Introduction: Olympia

The sanctuary of Zeus at Olympia lies in the northwest of the Peloponnesus. Archaic bronze records suggest that the sanctuary was at first under the joint control of the surrounding states. By the early Fifth Century, Elis was in complete control. A very early Oracle made the Olympic Games, founded no later than 776 BC, well known. The games were associated with an "Olympic Peace" that protected the participants. Of special importance are the number of official dedications and diplomatic documents that the various communities of the Greek-speaking Mediterranean world set up at the sanctuary during the Archaic and Classical periods.

Dating as early as the 8th Century BC, official dedications commemorating Olympic victors were regularly found set up at Olympia. The athletes and their civic sponsors come from southern Greece, southern Italy and Sicily. The prevalence of the latter reflects the desire of the Greek colonies to maintain contact with the Motherland. Already in the 6th Century treaties of alliance and of peace including the foremost treaty of "Hellenic Alliance" of the late 480s. Copies were set up not only at Olympia but also at the sanctuary at Poseidon and at Delphi. Official honorary inscriptions are not found in this period.

During the Late Classical and Hellenistic periods, official dedications virtually ceased. Note that one important dedication was made by King Philip II, not the state of Macedonia, openly showing his claim to hegemonial power in Greece, and indicating a new practice of dedication concentrating on the ruler, his family and companions. In 338 BC the Macedonian king attained hegemonial power in Greece and politics now centered on his person. Even if Alexander the Great himself did not take any opportunity for self-representation, it was nonetheless of considerable importance to the Greeks to show their loyalty to these rulers. The area represented by the alliances and peace treaties of this period was smaller than had been the case in the 8th to 5th Centuries, referring primarily to communities in the Peloponnesus. Of special importance is the treaty between Rome and Aetolia that was set up at Olympia, demonstrating the reality of Roman power in Greece during the second century BC. A consequence of the uncertain political situation was the more modest use of honorary dedications, referring to kings of minor importance.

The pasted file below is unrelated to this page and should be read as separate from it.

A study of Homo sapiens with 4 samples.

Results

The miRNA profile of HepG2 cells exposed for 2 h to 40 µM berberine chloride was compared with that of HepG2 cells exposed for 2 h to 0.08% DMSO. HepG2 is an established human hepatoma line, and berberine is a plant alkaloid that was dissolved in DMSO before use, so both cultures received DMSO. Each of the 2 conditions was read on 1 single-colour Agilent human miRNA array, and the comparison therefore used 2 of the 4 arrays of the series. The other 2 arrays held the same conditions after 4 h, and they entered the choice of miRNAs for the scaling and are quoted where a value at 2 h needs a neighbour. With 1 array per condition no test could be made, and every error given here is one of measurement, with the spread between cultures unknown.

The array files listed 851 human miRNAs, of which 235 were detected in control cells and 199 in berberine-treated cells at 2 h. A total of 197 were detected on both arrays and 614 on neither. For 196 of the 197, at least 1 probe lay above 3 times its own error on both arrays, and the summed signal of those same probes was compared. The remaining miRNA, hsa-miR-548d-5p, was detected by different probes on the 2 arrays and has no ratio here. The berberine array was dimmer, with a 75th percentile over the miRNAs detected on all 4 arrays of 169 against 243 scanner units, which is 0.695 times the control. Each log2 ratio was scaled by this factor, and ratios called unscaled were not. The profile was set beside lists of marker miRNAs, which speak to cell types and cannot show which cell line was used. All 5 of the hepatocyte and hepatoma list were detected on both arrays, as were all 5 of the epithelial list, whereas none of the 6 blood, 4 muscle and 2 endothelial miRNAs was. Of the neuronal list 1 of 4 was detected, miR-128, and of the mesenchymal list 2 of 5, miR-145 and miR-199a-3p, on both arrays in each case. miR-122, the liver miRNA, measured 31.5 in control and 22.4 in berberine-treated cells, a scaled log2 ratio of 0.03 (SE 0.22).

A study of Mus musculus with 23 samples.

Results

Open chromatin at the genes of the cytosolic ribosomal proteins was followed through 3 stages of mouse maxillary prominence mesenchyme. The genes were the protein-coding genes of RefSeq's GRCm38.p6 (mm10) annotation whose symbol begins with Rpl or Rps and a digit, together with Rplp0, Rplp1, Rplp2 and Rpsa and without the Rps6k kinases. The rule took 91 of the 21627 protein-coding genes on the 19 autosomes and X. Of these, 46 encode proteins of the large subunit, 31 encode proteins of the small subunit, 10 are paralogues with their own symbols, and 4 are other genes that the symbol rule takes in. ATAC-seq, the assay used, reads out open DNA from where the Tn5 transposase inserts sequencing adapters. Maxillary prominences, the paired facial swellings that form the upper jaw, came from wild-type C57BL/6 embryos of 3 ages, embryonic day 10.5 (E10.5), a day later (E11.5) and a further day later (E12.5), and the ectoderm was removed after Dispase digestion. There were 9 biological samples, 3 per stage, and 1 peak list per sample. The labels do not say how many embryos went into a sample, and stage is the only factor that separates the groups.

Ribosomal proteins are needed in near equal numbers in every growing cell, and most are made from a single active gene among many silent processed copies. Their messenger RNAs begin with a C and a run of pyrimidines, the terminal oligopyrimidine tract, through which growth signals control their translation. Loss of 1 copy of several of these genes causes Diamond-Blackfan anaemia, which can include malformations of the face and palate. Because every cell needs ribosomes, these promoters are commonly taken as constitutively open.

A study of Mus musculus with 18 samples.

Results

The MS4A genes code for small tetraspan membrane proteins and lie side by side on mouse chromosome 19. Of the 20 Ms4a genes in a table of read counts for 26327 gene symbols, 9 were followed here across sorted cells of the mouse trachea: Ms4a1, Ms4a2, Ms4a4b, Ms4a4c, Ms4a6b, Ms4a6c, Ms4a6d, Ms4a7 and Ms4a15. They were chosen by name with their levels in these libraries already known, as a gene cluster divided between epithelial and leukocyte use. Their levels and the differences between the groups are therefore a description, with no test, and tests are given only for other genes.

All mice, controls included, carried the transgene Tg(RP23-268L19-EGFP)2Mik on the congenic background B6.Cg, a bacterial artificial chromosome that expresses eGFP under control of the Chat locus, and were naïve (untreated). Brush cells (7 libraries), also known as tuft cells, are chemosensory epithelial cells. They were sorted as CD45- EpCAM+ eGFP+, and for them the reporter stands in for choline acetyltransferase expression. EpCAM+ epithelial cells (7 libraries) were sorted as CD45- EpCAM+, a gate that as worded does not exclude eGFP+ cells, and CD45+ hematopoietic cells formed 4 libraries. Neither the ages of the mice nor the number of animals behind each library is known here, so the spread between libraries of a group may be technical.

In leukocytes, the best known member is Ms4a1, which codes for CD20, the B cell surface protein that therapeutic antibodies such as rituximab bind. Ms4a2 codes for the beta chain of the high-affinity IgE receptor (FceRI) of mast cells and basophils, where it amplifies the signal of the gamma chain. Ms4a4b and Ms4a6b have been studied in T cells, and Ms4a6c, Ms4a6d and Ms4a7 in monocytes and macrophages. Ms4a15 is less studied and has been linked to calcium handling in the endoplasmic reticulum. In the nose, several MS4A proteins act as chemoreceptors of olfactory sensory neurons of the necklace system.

During the Roman period, official dedications were essentially honorary inscriptions. Some Roman governors dedicated monuments as signs of Roman victories, suggesting that the sanctuaries of the Greek world continued to be appropriate locations for such statements. Nevertheless, Olympia had apparently lost her political importance; her effective area of contact was limited to the Peloponnesus. Some indications of Olympia's earlier importance may be seen in the honorary monuments set up at Olympia, but coming from communities as far away as Rome, Kos and Smyrna.